The Google Blog on Yahoo: BoomTown Decodes It, So You Don't Have To!
Please see this disclosure related to me and Google.
As a continuing public service, BoomTown translates the blog post yesterday that Google’s David Drummond (pictured below) wrote about Microsoft’s unsolicited bid to buy Yahoo for $31 a share.
Drummond wrote: Yahoo! and the future of the Internet
2/03/2008 11:45:00 AM
Posted by David Drummond, Senior Vice President, Corporate Development and Chief Legal Officer
Translation: Please excuse the extreme tone of self-righteousness tinged by the sweet, sweet irony of this egregious attempt by the most powerful Internet company ever to play victim, which is only possible when our foe is the Death Star from Redmond.
Sergey and Larry totally foisted the brass knuckles on me, since they had to go kite surfing in Mauritius. Also, I am posting this on Super Bowl Sunday, as a form of geekish counter-programming. Lastly, I am not implying here that Yahoo is the future of the Internet. We are, obviously, but its distress will work well for our self-interested purposes.
Drummond wrote: The openness of the Internet is what made Google–and Yahoo!–possible. A good idea that users find useful spreads quickly. Businesses can be created around the idea. Users benefit from constant innovation. It’s what makes the Internet such an exciting place.
Translation: By openness, we mean open in as far as Google will allow it to be open. By constant innovation, we mean our innovation. By exciting place, we mean our exciting place. And Yahoo was our Web company to kick around the Silicon Valley schoolyard and not Steve Ballmer’s.
Drummond wrote: So Microsoft’s hostile bid for Yahoo! raises troubling questions. This is about more than simply a financial transaction, one company taking over another. It’s about preserving the underlying principles of the Internet: openness and innovation.
Translation: Troubling in that we wish we could buy Yahoo, and put our money where our big fat mouth is. I mean, do you want the Web to be controlled by one dominant player that seems to have no one to rein it in, no one to thwart it when it inevitably turns into that scary machine in the “Terminator” and builds a time machine to send cyborgs back and to kill the leader of the humans? Of course, that’s actually the Google plot line, but let’s pretend the creators of MSN and the Zune could pull that kind of massive world destruction off!
Drummond wrote: Could Microsoft now attempt to exert the same sort of inappropriate and illegal influence over the Internet that it did with the PC? While the Internet rewards competitive innovation, Microsoft has frequently sought to establish proprietary monopolies–and then leverage its dominance into new, adjacent markets.
Translation: OK, let’s be honest, the era of Microsoft PC dominance is pretty much over now, but if we say “convicted monopolist” over and over, maybe we can revive that old bogeyman image of Bill Gates to scare all the little entrepreneurs. I mean, Eric Schmidt still gets night frights in which Microsoft Bob haunts his dreams.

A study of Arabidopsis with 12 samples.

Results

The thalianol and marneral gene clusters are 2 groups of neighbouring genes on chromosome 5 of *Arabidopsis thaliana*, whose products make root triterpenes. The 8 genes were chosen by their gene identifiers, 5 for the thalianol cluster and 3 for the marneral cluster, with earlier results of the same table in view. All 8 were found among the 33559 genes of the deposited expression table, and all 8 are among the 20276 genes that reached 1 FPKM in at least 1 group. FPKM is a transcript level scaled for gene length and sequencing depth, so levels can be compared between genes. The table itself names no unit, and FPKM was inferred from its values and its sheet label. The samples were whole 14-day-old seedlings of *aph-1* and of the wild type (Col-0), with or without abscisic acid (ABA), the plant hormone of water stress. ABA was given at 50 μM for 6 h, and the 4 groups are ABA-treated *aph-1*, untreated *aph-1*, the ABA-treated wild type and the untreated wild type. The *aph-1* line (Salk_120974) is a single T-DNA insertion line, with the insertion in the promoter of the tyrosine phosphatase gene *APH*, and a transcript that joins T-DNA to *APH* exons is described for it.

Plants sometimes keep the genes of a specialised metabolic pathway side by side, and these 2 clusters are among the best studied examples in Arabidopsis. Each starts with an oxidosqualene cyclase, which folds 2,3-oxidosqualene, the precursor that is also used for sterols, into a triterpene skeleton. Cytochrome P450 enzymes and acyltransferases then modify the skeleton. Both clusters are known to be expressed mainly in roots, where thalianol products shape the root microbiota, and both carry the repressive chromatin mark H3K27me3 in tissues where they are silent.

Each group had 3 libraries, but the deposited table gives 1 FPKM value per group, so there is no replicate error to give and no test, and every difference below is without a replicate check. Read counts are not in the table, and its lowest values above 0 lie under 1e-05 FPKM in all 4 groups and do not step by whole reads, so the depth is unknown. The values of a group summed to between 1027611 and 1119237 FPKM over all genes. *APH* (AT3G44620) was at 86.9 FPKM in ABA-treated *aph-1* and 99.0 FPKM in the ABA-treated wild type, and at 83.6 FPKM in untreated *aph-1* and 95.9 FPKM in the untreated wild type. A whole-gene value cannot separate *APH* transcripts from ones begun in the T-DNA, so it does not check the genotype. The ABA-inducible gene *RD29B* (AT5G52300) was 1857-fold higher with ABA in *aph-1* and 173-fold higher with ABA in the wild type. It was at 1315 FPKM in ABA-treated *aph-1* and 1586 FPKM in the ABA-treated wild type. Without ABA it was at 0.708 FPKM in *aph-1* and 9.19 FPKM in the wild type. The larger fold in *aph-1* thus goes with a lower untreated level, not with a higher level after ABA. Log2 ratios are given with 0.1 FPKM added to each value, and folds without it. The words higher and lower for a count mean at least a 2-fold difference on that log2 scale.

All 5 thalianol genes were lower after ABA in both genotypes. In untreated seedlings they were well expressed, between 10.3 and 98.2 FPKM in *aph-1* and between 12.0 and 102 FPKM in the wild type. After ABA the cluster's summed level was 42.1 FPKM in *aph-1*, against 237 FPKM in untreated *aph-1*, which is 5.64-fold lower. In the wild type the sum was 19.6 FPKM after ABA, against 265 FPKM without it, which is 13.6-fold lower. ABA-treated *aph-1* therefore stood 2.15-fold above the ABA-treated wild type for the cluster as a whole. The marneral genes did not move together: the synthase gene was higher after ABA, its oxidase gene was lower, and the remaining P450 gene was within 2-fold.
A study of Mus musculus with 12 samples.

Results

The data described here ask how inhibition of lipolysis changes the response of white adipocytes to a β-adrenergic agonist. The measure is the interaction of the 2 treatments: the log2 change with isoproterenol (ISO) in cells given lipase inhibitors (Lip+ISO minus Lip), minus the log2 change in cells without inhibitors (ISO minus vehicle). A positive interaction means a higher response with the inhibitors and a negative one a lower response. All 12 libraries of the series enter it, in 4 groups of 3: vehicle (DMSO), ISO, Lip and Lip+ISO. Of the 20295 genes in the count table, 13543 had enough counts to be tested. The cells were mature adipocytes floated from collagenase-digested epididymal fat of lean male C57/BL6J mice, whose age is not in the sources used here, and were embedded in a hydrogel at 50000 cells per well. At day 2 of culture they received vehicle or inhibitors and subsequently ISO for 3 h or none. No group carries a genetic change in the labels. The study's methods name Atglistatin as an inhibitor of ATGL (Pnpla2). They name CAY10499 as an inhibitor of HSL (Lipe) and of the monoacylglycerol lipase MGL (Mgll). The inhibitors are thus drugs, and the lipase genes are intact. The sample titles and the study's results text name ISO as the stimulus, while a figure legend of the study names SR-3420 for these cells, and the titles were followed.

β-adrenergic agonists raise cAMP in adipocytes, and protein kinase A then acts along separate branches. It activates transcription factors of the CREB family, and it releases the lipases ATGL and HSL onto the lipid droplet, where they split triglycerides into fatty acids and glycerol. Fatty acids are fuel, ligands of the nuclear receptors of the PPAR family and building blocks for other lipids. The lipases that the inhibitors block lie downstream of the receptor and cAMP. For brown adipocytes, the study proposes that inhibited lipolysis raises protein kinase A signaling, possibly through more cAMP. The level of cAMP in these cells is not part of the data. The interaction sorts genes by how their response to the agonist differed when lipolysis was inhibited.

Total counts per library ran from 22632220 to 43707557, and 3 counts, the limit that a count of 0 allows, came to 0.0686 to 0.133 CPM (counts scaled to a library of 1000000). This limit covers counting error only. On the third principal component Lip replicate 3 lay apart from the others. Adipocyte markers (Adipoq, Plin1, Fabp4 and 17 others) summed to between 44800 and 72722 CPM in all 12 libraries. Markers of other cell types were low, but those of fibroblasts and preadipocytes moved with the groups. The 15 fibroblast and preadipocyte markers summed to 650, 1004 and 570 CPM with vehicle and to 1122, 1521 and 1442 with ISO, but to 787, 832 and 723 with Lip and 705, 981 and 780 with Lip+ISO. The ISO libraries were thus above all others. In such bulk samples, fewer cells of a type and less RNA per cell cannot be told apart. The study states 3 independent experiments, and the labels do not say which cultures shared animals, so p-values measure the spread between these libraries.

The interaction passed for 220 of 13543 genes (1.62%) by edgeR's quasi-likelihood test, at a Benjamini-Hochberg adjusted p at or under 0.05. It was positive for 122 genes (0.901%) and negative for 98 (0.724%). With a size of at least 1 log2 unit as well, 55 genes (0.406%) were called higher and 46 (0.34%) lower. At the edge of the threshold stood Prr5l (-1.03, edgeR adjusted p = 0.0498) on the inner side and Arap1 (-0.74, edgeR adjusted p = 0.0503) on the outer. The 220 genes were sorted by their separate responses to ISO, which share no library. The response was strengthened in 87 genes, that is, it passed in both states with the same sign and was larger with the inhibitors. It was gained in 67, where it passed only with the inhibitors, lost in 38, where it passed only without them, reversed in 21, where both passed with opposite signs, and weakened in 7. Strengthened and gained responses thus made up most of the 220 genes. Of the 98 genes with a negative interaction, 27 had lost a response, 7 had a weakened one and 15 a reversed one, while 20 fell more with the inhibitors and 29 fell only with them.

Drummond wrote: Could the acquisition of Yahoo! allow Microsoft–despite its legacy of serious legal and regulatory offenses–to extend unfair practices from browsers and operating systems to the Internet? In addition, Microsoft plus Yahoo! equals an overwhelming share of instant messaging and web email accounts. And between them, the two companies operate the two most heavily trafficked portals on the Internet. Could a combination of the two take advantage of a PC software monopoly to unfairly limit the ability of consumers to freely access competitors’ email, IM and web-based services? Policymakers around the world need to ask these questions–and consumers deserve satisfying answers.
Translation: Convicted monopolist! Convicted monopolist! Convicted monopolist! And did we mention: Microsoft is a convicted monopolist. While very little ad money is made via instant messaging and Web email and that traffic still does not let them mint money in the basement like Google does, we’re still going to put the screws to the 3,356 lobbyists we hired in Washington, so as not to become, um, a convicted monopolist.
Drummond wrote: This hostile bid was announced on Friday, so there is plenty of time for these questions to be thoroughly addressed. We take Internet openness, choice and innovation seriously. They are the core of our culture. We believe that the interests of Internet users come first–and should come first–as the merits of this proposed acquisition are examined and alternatives explored.
Translation: This totally screwed up our plan to load up the GooglePlane with organic soy chips and pricey microbrewed beer and head to the Super Bowl, so we’re pissed.
Also, we are none too pleased about Microsoft’s meddling in our DoubleClick deal, so this gives us the opportunity for payback times 10 to the 100th. That’s a googol, which is, according to Wikipedia, “of the same order of magnitude as the factorial of 70 (70! being approximately 1.198 googol, or 10 to the power 100.0784), and its only prime factors are 2 and 5 (100 of each). In binary it would take up 333 bits.”
Figure that algorithm out, Monkey Boy!